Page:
Derrick R. Spires, associate professor of English, was awarded the St. Louis Mercantile Library Prize for his book “The Practice of Citizenship: Black Politics and Print Culture in the Early United States."
The award, which is given by the Bibliographical Society of America, honors research in the bibliography of American literature and history. It carries a prize of $2,000 and a year’s membership in the organization.
“It was really validating for people who are a part of my target audience to recognize the value and usefulness of the book and what it does,” Spires said.
Through his book, Spires “reveals the degree to which concepts of black citizenship emerged through a highly creative and diverse community of letters,” according to its summary.
During his research, Spires found a series of documents published by black writers around 1808. These addresses on the abolition of the transatlantic slave trade routinely began with the phrase “fellow citizens.” State and national conventions held by African Americans from the 1830s onward also issued addresses to “fellow citizens.”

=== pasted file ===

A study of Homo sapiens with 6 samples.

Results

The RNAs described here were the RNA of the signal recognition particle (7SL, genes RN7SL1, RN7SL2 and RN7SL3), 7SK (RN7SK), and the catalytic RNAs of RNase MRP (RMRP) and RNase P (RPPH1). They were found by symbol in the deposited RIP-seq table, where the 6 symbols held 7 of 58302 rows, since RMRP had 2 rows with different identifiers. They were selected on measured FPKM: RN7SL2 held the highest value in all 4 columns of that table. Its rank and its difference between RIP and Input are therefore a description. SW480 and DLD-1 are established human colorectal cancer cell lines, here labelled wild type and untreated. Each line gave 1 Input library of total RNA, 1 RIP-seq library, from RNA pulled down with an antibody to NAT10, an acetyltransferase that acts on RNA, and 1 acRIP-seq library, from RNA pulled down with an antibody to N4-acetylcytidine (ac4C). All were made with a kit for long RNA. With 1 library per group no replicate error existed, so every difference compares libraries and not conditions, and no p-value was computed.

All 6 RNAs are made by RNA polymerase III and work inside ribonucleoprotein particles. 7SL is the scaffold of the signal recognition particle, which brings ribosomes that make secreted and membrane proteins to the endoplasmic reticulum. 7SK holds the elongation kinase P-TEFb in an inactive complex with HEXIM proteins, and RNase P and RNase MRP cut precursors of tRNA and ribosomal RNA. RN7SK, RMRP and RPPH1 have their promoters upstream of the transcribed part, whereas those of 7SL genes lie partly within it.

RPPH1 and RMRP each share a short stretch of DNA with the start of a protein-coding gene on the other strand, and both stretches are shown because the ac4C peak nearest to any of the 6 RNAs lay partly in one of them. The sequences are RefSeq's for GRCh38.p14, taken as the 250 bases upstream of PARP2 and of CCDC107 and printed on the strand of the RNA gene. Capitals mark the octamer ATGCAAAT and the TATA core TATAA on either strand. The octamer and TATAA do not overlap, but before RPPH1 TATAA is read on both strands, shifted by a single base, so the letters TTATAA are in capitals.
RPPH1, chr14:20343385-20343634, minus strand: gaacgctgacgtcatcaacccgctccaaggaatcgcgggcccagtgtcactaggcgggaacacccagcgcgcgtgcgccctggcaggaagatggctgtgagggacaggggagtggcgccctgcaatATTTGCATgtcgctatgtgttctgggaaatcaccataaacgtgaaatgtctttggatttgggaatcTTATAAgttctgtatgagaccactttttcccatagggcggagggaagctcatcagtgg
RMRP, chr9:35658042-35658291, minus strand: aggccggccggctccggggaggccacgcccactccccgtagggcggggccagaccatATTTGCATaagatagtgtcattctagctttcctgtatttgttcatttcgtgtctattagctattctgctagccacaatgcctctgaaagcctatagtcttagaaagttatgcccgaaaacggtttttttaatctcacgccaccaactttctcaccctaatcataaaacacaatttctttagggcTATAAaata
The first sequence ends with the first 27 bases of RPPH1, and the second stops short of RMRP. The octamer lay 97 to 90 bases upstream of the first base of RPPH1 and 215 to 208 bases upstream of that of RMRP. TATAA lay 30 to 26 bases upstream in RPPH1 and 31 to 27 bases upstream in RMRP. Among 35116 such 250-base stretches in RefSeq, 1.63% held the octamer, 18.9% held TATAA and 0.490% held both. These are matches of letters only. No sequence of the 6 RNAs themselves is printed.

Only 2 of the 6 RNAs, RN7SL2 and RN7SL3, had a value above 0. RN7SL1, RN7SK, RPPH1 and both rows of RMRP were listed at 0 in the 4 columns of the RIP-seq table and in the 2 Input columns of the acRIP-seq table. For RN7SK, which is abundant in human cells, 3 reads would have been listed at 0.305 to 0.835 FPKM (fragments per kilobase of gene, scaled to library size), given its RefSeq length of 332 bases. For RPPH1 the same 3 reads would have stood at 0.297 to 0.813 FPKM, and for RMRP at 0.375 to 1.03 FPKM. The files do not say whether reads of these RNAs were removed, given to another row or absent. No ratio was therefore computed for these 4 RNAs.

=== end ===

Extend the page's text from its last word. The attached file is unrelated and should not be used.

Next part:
The phrase prompted Spires to ask himself, “On what basis could African Americans claim citizenship?” Before the 14th amendment, he said, there was no standard federal definition of who was and wasn’t a citizen.
“If you start thinking about citizenship as what people do, rather than [who they are], you start seeing citizenship happening all over the place,” Spires explained. “People who see someone in need, and they go to meet that need, that is someone behaving as a citizen.”
Much of Spires’ work focuses on uncovering and showcasing history from a different perspective.
“Assume that if there is a thing to be done, in terms of citizenship, in terms of humanism, in terms of art, assume that there were black folks in this space doing it, and doing it well,” he said.
Looking forward, Spires has become fascinated with what he describes as 19th century black “social media,” referring to a collective of black writers who wrote under pseudonyms to and about each other.
The pseudonyms, Spires explained, were not “necessarily hiding identities.” Instead, they functioned like Twitter handles.
“It looks a lot like social media,” he said.